Many of the suppliers who won contracts under Medicare’s new competitive bidding program for durable medical equipment are financially shaky, two new studies say. The result for seniors will be undependable supplies, reduced quality and fraud.
Washington (PRWEB) December 2, 2010
Seniors in nine major cities will have to deal with financially shaky suppliers under Medicare’s new Competitive Bidding program for medical equipment, which goes into effect Jan. 1, two new studies have found.
The result of the Competitive Bidding program will be “immediate harm to Medicare beneficiaries,” according to a study by Prof. Peter Cramton, an internationally recognized expert on auctions at the University of Maryland. The program will cause “poor service, selective fulfillment of orders, fraud, and other abuses.”
Most of the larger, stable companies now providing supplies did not win contracts under the new system or declined to participate. In many cases new suppliers are financially weak, the studies say.
A preliminary study of the 359 contract winners by Invacare, the largest U.S. manufacturer of home medical equipment, found 34 percent of contract winners “have credit limits of less than $10,000, are on credit hold, have no home care account with us or are so far behind on their payments that their accounts have been turned over for collections or legal process.”
Since suppliers generally finance purchases with manufacturers, the study casts strong doubt on the ability of many suppliers to live up to their contracts and provide needed supplies. Seniors will face shortages.
The study by Prof. Cramton shows that the vast majority of suppliers will turn over in the nine markets. For mail-order diabetes supplies, for example, more than 98 percent of existing suppliers by volume will be new, the study shows. In most cases, the new suppliers have little experience in providing supplies in the volumes required by the program.
The result of the competitive bidding program, Cramton’s study said, “will be immediate harm to Medicare beneficiaries and the vast majority of Medicare providers in the nine service areas covered by the auction.”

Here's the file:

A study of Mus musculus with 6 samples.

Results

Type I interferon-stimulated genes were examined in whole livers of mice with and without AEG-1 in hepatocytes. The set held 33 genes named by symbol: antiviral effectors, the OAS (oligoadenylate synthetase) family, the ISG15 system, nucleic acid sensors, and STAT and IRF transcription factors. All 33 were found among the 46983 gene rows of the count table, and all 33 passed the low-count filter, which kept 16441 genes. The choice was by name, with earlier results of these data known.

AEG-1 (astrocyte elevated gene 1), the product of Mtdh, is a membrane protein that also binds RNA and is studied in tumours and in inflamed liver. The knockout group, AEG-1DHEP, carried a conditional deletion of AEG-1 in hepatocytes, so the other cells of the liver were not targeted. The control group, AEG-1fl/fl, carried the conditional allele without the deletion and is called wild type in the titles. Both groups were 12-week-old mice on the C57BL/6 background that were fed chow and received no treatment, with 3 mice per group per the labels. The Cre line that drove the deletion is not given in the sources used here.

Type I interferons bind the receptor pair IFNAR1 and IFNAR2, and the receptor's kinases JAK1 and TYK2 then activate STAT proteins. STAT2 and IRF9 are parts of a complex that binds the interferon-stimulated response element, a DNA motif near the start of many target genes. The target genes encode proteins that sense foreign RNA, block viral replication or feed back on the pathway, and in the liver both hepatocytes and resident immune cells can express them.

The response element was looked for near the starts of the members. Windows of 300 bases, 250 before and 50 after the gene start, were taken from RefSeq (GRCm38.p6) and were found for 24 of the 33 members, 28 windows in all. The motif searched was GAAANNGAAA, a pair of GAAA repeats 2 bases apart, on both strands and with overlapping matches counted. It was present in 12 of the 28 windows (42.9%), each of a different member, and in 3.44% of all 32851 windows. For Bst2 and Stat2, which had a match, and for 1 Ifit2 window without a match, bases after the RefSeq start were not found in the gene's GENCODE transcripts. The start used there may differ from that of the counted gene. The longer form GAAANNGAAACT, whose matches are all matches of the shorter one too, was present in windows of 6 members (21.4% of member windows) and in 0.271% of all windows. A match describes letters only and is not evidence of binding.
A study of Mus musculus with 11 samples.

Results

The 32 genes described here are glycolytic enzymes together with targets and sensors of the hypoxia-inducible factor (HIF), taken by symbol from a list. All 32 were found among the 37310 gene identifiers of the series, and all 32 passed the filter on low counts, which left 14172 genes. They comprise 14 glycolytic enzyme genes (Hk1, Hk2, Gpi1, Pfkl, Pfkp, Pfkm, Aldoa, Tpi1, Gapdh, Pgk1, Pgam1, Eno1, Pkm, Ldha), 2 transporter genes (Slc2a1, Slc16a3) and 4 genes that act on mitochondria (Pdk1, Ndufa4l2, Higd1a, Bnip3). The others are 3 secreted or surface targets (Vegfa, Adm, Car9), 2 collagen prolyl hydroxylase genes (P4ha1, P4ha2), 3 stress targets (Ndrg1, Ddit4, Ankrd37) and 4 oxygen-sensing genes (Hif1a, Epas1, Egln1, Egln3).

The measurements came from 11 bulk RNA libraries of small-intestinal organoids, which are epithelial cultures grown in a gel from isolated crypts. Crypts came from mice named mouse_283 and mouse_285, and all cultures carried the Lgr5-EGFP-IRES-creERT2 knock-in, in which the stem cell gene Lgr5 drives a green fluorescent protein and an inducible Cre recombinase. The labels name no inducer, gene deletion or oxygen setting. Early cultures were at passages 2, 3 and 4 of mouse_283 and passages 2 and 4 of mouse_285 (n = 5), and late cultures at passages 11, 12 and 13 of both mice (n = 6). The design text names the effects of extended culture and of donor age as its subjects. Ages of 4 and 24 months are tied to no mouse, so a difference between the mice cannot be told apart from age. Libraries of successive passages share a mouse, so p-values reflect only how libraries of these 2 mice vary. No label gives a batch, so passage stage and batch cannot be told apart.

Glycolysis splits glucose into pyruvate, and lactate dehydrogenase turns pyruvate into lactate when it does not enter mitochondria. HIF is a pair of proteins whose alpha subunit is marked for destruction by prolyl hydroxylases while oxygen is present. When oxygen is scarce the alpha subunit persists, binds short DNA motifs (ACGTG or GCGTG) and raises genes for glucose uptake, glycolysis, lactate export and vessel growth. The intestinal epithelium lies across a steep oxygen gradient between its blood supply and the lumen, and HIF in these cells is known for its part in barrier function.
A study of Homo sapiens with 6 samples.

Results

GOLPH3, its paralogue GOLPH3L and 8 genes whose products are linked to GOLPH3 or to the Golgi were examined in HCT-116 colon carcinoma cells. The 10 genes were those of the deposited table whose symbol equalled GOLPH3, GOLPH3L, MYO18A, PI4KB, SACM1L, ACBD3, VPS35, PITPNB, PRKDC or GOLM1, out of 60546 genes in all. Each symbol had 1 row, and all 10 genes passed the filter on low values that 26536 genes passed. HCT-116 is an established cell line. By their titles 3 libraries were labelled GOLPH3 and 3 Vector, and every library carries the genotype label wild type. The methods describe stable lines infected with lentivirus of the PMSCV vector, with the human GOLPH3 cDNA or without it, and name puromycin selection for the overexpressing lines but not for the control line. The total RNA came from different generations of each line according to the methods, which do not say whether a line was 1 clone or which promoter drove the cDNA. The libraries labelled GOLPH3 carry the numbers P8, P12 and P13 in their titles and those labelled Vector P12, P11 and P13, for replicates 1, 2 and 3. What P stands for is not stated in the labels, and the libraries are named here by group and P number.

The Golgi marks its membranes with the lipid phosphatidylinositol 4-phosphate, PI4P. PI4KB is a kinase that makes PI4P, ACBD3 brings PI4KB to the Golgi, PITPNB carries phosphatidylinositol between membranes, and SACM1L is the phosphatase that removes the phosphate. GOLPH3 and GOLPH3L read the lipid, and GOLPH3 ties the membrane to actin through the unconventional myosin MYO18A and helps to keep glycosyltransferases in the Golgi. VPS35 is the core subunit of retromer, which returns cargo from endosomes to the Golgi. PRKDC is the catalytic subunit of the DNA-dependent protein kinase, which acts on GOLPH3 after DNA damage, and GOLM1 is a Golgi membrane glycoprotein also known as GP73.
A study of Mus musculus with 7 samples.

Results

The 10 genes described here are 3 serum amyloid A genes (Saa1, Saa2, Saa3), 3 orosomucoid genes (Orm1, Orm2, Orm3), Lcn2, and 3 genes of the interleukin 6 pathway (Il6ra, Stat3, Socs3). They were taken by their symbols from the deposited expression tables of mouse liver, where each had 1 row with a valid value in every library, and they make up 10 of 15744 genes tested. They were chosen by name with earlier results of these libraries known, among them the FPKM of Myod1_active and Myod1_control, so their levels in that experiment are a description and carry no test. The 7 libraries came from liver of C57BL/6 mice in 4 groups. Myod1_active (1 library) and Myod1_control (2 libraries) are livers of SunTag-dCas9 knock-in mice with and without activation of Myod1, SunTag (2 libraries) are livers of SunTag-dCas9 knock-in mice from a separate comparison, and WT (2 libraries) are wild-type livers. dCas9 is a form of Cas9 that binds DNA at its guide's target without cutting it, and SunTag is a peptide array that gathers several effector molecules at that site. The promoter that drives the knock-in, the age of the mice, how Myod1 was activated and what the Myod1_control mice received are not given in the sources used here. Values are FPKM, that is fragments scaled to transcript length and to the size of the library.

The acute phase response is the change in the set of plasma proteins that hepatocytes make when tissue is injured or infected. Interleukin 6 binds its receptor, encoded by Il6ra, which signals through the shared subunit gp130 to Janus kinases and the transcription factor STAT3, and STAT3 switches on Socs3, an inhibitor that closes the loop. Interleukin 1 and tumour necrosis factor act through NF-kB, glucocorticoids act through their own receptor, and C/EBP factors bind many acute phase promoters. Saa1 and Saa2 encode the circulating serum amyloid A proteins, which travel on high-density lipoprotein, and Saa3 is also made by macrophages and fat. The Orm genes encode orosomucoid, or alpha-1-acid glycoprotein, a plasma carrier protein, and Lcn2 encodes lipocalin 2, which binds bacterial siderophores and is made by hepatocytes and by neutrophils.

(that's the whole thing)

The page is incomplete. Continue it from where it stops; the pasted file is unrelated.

“Beneficiaries will face poor service, selective fulfillment of orders, fraud, and other abuses,” the study said.
The supplies at issue are called Durable Medical Equipment and range from wheelchairs to diabetes test strips. In some cases, supplies now used by seniors will become unavailable under the program.
For example, the No. 1 selling diabetes test strip, OneTouch Ultra by Johnson & Johnson, will very likely become unavailable by mail order in the nine cities.
That’s because the reimbursement price under the competitive bidding program is less than what the manufacturer charges suppliers.
The reimbursement price in the nine cities varies between $13.88 and $15.62 per package of 50 test strips. The manufacturer’s charge is $21.75, according to a recent invoice.
Competitive bidding was mandated by a 2003 law. Problems with the program forced a halt to an earlier attempt to implement the program in 2008.
But the current process Medicare has selected to use is deeply flawed.
In fact, 167 experts in competitive bidding with significant experience in complex government procurement, including two Nobel laureates, asked Medicare last month to stop the program and put an alternative in place. Medicare refused.
The 167 experts said in a letter that the competitive bidding process was faulty and would lead to shortages and reduced quality, and create fraud.
One big problem with the process cited by the experts is that it encourages low-ball bidding, driving prices below sustainable levels.
For example, the rules allow suppliers to submit bids without committing themselves to accept contracts if awarded. That encourages them to submit very low bids so they will be named a winning bidder. Those low bids cause the price Medicare pays contractors to be artificially low.
The bottom line on the process is that seniors will have trouble getting the supplies and quality service they need.
The process is driving out the quality suppliers who have served seniors reliably and well. They are being replaced by a much weaker group, some of whom may see their only opportunity to make money by providing inferior product and service.
The program’s impact on seniors across the country will increase as CMS intends to begin the process of expanding the program to 91 major metropolitan areas nationwide next year.
Medicare beneficiaries and their families who have concerns about the program are urged to call their member of Congress at 202-224-3121.
The two Nobel Prize winners who signed the letter are Thomas C. Schelling of the University of Maryland and Roger Myerson of the University of Chicago.
The nine multi-county areas where the program is slated to begin Jan. 1 are: Charlotte; Cincinnati; Cleveland; Dallas-Fort Worth; Kansas City, Mo.; Miami; Orlando; Pittsburgh and Riverside, Calif.
Details on the criticisms of the Competitive Bidding program, including the letter from the 167 experts, may be found on the website of Prof. Peter Cramton of the University of Maryland, who is a leading international authority on auctions and who has advised the FCC on auctioning radio spectrum for mobile phones, PJM and ISO New England on auctioning wholesale electricity in the United States and the FAA on auctioning airport slots in New York City.